The optimist sees an opportunity in every calamity.
The pessimist sees a calamity in every opportunity.
I’m not sure it’s ever that cut and dry when it comes to infertility.
I was more of a ‘denialist’ when it came to accepting that we actually needed to do the infertility gig.
That was 100% based on ignorance of the actual science of my low count combined with Lisa’s endometriosis.
That ignorance allowed me to be optimistic about doing IUIs even though I later learned upon becoming enlightened by research that the statistical probability of any of those cycles working was about 5%.
Lisa’s pessimism during those cycles came from a place of actually knowing what the statistical odds were.
It angered me when she kept saying with each failed IUI that we should just face it, we needed to do IVF.
I thought her negative thinking was keeping us from getting pregnant.
The odds were just stacked against us.
Funny thing is, I never considered myself a gambler.
I’ve been to a casino I think a few times, plunked a few coins into the slots and walked away maybe $20 poorer.
Yet I was willing to shell out $400 to $500 a pop for a 5% chance of conception success, simply because I was in denial that the odds were really that bad.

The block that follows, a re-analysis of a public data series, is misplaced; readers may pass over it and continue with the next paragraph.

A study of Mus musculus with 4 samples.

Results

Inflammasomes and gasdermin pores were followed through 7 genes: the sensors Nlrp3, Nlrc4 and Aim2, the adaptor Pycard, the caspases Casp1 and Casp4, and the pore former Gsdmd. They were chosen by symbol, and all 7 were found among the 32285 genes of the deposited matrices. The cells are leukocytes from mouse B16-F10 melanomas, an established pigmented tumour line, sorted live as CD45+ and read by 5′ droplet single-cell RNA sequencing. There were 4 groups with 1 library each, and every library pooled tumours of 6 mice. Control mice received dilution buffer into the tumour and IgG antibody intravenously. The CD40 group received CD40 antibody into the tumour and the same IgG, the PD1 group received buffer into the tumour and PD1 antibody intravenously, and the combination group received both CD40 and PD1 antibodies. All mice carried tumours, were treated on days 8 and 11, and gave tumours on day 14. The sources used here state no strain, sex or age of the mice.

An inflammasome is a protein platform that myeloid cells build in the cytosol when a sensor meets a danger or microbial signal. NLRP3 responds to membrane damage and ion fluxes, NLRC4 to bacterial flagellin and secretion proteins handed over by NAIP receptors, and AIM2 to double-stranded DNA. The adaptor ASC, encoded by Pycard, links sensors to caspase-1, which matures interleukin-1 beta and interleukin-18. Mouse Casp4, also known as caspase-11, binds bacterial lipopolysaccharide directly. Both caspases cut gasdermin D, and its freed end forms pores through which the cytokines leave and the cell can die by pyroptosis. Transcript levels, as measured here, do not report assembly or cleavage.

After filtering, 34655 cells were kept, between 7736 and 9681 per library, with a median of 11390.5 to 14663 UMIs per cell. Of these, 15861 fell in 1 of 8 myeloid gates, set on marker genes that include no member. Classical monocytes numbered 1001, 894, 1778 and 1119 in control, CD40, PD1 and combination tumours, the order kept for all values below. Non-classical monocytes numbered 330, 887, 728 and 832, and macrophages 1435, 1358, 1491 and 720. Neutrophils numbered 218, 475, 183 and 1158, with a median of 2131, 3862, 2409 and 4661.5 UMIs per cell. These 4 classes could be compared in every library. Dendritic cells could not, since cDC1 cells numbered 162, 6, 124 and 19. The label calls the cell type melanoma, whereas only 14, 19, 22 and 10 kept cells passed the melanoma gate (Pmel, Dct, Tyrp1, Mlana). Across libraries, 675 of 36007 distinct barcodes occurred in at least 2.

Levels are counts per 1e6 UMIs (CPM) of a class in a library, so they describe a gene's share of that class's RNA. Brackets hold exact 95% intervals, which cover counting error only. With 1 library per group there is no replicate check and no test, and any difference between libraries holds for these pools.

Stupid, I know.
Later, I think I was neither an optimist or pessimist .
I was pissed when things failed.
Excited when it looked like things were going well.
I guess I had an infertility attitude adjustment after the third failed IVF cycle.
I had to decide to be relentless, or hopeless.
There are many times, when I could feel that hopeless shadow trying to wrap itself around me so I’d tell Lisa we were done.
But I don’t like losing. Don’t like giving up.
Lisa doesn’t either.
In the end, I don’t really think it matters whether you are optimistic or pessimistic about where your infertility journey is taking you.
You just have to be relentless, until you get what you want, or find a way to accept what you get.